Is there a time of day that is best to meditate? Either dawn or dusk are ideal times to meditate. The changing of night into day and day into night are transition times in our energy level.
In the morning we are just getting going. Slowly our energy is being whipped in an internal turbine that propels us forward for the active time of the day. If we can catch ourselves right in the transition and sit in meditation for a while, we have a chance to direct our growing energy in a forward direction. We can set the tone for the day with a positive attitude, and carry out what we need to, in a way that gets the snowball of creative and productive activities happening.
Looking at the other swing of the pendulum, that would be dusk, we are winding down our inner clock, recovering from the day’s activities, moving at a slower pace. This is the time we may naturally reflect on the day. Combining this time with meditation gives us a fuller opportunity to think back over the past hours, and with those events in mind plan for the following day. It is a time to really consider if we are moving in the direction we want. Are our actions bringing about good in ourselves and others? Are we moving in line with our long term goals?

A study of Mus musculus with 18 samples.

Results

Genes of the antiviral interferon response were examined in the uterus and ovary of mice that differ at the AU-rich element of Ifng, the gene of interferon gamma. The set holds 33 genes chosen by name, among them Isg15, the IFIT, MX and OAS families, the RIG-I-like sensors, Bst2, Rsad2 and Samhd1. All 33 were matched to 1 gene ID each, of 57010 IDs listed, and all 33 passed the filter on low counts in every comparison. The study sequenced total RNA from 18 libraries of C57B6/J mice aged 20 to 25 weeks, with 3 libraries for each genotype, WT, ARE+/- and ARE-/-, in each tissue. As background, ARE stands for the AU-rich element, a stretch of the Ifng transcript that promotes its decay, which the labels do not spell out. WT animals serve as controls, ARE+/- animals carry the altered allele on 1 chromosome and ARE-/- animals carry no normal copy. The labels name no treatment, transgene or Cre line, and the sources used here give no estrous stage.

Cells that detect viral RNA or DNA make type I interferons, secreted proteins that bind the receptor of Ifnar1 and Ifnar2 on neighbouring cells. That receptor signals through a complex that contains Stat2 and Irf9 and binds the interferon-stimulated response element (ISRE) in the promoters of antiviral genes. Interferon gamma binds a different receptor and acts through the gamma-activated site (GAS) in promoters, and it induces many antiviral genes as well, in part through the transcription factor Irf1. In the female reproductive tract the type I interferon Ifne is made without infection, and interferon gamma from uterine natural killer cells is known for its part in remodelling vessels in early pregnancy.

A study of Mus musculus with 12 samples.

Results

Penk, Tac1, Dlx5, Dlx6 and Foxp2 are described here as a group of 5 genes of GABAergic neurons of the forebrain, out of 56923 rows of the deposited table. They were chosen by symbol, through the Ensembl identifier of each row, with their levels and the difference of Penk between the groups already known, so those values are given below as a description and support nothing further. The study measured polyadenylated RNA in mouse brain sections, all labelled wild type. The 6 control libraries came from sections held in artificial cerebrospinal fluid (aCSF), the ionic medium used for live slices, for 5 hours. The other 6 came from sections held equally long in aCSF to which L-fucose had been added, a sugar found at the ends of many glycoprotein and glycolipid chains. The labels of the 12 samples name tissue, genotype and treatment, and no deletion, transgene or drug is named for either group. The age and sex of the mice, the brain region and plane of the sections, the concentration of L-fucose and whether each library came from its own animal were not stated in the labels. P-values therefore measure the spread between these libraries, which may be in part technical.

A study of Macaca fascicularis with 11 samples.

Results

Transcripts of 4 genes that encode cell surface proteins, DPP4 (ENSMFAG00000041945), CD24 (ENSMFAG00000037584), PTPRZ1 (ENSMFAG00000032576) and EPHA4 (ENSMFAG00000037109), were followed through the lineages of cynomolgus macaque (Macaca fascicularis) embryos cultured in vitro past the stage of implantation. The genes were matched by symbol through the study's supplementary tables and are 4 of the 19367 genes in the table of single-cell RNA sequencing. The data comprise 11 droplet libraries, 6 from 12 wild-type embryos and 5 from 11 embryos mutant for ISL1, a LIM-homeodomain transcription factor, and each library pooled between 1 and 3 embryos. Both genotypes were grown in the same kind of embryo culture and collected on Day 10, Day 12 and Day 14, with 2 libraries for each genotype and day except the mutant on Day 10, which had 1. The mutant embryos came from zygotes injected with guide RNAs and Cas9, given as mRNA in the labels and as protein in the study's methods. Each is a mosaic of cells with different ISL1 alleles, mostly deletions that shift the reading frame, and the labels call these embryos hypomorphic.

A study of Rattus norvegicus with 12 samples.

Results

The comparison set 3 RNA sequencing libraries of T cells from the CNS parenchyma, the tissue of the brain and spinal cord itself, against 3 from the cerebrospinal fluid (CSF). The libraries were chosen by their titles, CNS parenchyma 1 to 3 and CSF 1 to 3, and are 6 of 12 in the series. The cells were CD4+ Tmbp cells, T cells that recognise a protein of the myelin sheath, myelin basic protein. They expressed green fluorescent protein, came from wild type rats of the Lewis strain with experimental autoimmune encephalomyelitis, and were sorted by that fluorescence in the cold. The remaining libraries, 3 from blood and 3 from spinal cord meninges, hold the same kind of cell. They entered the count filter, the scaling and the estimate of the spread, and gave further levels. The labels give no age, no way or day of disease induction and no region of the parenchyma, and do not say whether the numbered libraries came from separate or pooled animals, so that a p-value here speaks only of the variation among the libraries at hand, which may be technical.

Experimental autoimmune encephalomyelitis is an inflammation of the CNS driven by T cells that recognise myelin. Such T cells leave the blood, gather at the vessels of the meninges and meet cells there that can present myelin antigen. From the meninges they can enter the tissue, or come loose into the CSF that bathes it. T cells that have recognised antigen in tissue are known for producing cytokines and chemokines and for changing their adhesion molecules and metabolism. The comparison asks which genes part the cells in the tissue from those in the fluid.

If you decide on including the dawn meditation in your schedule and you miss it, then another ideal time is the middle of the day. I like 1:30pm as my midday meditation. Sitting still at this time gives me a chance to rest before the push of the afternoon. I can sharpen my focus for the rest of the day’s active time, and readjust the direction I am going if the morning has not been productive.
To summarize, either dawn or dusk are useful times to meditate in their own way, which is before beginning activities, or afterward, as a review of what happened during the day. Midday can be a tune up if you feel the need. Try out the morning and evening times and go with what works best for you to fit into your regular schedule. The important decision is to choose a time that you like and feel comfortable with sticking to.